Wellesley's plan for what became the Talavera Campaign was relatively simple, though he knew it to be fraught with difficulties. The plan depended on the information that Wellesley had about the French armies being accurate and on the Spanish general Cuesta doing as he promised.
Wellesley knew that the French Marshal Ney had been defeated by the Spanish at Punto Sanpayo on 7 June and was retreating eastward across northern Spain. He himself had defeated Marshal Soult at Oporto on 12 May and believed that Soult was likewise heading eastward. However the precise location and direction of these two French armies was not entirely clear. A third French army, under Sebastiani was in Andalusia where it was thought to be engaged in operations against guerrilleros and against a small Spanish army under Francisco Venegas. A fourth, smaller than the rest, was in Madrid. Other French forces in Spain were too far away to be a consideration.
Wellesley had heard from the Spanish general Cuesta that he and his men were able to roam at will across most of Extramadura. He was securing the rule of the local anti-French Junta against that of the puppet regime in Madrid , and all the time the French Marshal Victor was keeping his army idle up the Tagus Valley. Victor and Cuesta had tangled earlier at the Battle of Medellin and although the Spanish had done well, the French had won the day. Cuesta was therefore unwilling to advance against Victor on his own, but would do so with British support.
The idea of joint operations was first broached in letters between Cuesta and Wellesley late in May, but there were problems. The key issue so far as Wellesley was concerned was food. The British army depended on supplies brought in via the port at Lisbon and then moved to the army on carts and pack mules. An attack on Victor would involve a long advance and Wellesley simply did not have enough animals and carts to transport the food all the way from Lisbon. Cuesta responded that there was plenty of food hidden from the French in Extramadura and that he would arrange for it to be brought to the British. It proved to be a rash promise for the food was under the control of the Junta, not of Cuesta.
Wellesley was also concerned about the other French armies. He was confident that he and Cuesta could thrash Victor, but if any of the other French marshals brought up their men the situation would be entirely different. His sources told him the marshals were far distant, but the information was old and not entirely reliable. Wellesley therefore detached a Portuguese-British force under Sir Robert Wilson to advance up the Tietar Valley, which ran parallel to the Tagus but some miles to the north. There he would be able to delay any French advance from the north, and report the move to Wellesley.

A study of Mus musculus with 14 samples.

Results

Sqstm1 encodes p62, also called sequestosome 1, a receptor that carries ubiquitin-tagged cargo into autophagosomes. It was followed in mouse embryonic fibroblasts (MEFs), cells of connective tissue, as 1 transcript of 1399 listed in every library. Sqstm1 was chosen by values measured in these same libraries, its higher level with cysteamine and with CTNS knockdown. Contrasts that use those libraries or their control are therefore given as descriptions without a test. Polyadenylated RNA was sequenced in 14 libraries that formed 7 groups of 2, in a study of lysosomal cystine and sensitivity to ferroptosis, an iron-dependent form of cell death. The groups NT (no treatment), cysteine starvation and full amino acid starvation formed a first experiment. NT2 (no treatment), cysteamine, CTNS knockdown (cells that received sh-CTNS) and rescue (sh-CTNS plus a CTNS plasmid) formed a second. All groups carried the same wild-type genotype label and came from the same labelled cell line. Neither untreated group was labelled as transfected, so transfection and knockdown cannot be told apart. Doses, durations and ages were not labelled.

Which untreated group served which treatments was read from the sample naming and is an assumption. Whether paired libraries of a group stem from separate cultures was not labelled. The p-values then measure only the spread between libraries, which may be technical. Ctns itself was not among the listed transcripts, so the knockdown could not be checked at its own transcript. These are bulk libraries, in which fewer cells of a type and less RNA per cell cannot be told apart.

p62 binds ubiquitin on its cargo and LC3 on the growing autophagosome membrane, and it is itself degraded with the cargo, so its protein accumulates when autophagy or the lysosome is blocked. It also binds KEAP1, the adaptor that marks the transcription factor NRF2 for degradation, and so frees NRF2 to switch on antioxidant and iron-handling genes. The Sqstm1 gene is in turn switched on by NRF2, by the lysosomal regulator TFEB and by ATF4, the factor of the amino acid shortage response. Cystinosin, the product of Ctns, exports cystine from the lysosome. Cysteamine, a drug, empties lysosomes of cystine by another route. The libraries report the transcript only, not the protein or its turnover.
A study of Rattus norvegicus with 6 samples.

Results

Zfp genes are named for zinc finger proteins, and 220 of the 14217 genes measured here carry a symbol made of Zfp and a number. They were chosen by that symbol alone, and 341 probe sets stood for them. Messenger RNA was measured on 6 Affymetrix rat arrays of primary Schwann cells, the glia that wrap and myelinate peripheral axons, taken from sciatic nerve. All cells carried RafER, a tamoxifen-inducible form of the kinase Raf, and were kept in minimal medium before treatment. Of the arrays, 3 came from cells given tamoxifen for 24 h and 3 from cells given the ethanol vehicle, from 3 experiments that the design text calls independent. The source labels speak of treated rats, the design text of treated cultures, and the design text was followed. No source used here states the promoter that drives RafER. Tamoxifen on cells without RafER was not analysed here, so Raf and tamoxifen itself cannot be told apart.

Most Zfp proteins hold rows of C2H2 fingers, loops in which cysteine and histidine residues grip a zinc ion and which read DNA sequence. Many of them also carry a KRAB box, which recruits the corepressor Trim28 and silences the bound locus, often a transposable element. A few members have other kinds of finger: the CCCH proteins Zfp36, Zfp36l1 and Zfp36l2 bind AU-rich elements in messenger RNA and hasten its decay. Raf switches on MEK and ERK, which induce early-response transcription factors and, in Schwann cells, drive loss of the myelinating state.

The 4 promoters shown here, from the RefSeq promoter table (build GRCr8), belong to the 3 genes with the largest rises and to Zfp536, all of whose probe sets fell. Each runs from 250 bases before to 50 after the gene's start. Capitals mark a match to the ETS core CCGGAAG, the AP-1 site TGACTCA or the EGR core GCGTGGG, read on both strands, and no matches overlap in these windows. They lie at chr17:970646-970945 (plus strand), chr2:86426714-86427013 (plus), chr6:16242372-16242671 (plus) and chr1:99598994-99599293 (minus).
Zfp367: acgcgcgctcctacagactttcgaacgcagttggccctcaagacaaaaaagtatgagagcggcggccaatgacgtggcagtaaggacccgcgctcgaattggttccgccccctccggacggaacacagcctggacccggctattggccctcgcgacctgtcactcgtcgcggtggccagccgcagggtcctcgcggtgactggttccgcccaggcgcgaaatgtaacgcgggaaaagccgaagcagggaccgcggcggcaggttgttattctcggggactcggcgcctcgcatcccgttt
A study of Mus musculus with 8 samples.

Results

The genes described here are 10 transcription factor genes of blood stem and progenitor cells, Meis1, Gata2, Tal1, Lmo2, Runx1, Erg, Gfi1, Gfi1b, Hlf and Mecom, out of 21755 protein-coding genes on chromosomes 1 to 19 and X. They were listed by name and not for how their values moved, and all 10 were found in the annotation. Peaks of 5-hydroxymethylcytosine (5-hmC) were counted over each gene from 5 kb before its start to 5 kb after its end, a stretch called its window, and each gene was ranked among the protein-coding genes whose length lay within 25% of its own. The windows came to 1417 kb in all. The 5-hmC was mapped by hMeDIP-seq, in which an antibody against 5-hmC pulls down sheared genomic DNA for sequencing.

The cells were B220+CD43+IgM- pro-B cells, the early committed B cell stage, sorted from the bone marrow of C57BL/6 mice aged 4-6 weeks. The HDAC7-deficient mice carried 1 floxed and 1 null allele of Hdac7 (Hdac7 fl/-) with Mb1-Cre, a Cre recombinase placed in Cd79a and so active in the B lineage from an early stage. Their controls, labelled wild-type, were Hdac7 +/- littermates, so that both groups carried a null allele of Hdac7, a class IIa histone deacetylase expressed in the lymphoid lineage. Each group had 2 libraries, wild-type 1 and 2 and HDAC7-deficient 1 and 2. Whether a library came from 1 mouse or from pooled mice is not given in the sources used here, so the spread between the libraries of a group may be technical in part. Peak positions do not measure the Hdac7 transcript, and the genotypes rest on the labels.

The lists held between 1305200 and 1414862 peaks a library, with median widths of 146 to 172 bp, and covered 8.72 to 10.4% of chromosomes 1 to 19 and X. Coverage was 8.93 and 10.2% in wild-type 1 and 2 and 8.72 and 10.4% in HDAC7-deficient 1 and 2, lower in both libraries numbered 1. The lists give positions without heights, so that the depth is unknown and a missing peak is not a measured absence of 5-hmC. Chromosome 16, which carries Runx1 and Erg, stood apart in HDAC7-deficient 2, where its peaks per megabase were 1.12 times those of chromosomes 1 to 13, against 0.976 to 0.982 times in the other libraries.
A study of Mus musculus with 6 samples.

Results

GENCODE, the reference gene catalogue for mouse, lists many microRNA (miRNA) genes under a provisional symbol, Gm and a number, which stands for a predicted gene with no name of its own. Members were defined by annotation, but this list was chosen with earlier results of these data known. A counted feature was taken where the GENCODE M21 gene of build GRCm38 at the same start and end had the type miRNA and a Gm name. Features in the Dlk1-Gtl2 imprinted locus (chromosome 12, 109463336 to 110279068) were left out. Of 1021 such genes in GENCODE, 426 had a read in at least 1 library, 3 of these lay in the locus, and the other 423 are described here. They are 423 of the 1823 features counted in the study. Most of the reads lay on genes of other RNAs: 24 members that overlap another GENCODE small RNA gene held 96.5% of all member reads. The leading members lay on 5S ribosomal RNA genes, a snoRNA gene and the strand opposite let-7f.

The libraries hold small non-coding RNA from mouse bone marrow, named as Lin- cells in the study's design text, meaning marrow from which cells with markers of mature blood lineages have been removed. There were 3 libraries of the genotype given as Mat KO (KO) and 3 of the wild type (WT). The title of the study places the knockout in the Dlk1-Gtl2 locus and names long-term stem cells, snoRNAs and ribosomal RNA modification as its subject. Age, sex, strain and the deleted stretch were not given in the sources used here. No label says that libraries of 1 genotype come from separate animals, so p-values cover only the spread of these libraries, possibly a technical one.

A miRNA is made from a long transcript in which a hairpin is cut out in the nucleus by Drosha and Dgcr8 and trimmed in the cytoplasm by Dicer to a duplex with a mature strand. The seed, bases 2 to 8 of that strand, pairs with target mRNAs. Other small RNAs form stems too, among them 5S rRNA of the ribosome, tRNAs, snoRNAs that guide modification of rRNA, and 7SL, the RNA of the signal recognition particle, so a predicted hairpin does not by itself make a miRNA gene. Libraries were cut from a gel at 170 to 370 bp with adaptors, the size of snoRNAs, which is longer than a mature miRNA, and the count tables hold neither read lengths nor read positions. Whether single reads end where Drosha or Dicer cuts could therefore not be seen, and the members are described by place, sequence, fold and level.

On 4 July Wellesley marched his army into Spain and five days later passed the town of Plasencia. On 10 July Wellesley and a few staff officers rode ahead to Almarez for a meeting with Cuesta to discuss the campaign. The meeting began badly when Wellesley arrived four hours late having got lost on the way, and was not helped by the fact that Cuesta spoke no English and Wellesley only poor Spanish. Nevertheless, both men agreed with the intelligence that Victor and his army was alone and camped at Talavera. A joint plan of operation was hammered out. The British and Spanish armies would meet at Oropesa, 30 miles west of Talavera, on the 21 July. Wilson and his men would form a flank guard to the north, while a Spanish army under Venegas would perform a similar duty to the south. Cuesta and Wellesley would then march rapidly east to attack Victor before news of the advance attracted other French troops.
from "The Battle of Talavera"
Product DescriptionAt Talavera a British army under Sir Arthur Wellesley (later the Duke of Wellington) tried to link up with a Spanish army under General Cuesta to ambush a French corps under Marshal Victor. But things went wrong and the British had to fight their way to safety.
This book forms part of the Bretwalda Battles series on The Peninsular War.
The book outlines the Peninsular War up to the start of the Talavera Campaign. It then analyses the careers of the commanders and explains the tactics and weapons of the time together with any differences between the practices of the armies involved in the battle. The book then describes the action in detail before moving on to outline events after the battle.
Written by a military author of great experience, this book explains the way battles were fought two centuries ago and explains the course of the action in an accessible but authoritative style.
This lavishly illustrated ebook is a must for anyone interested in the Peninsular War in general or the Battle of Talavera in particular.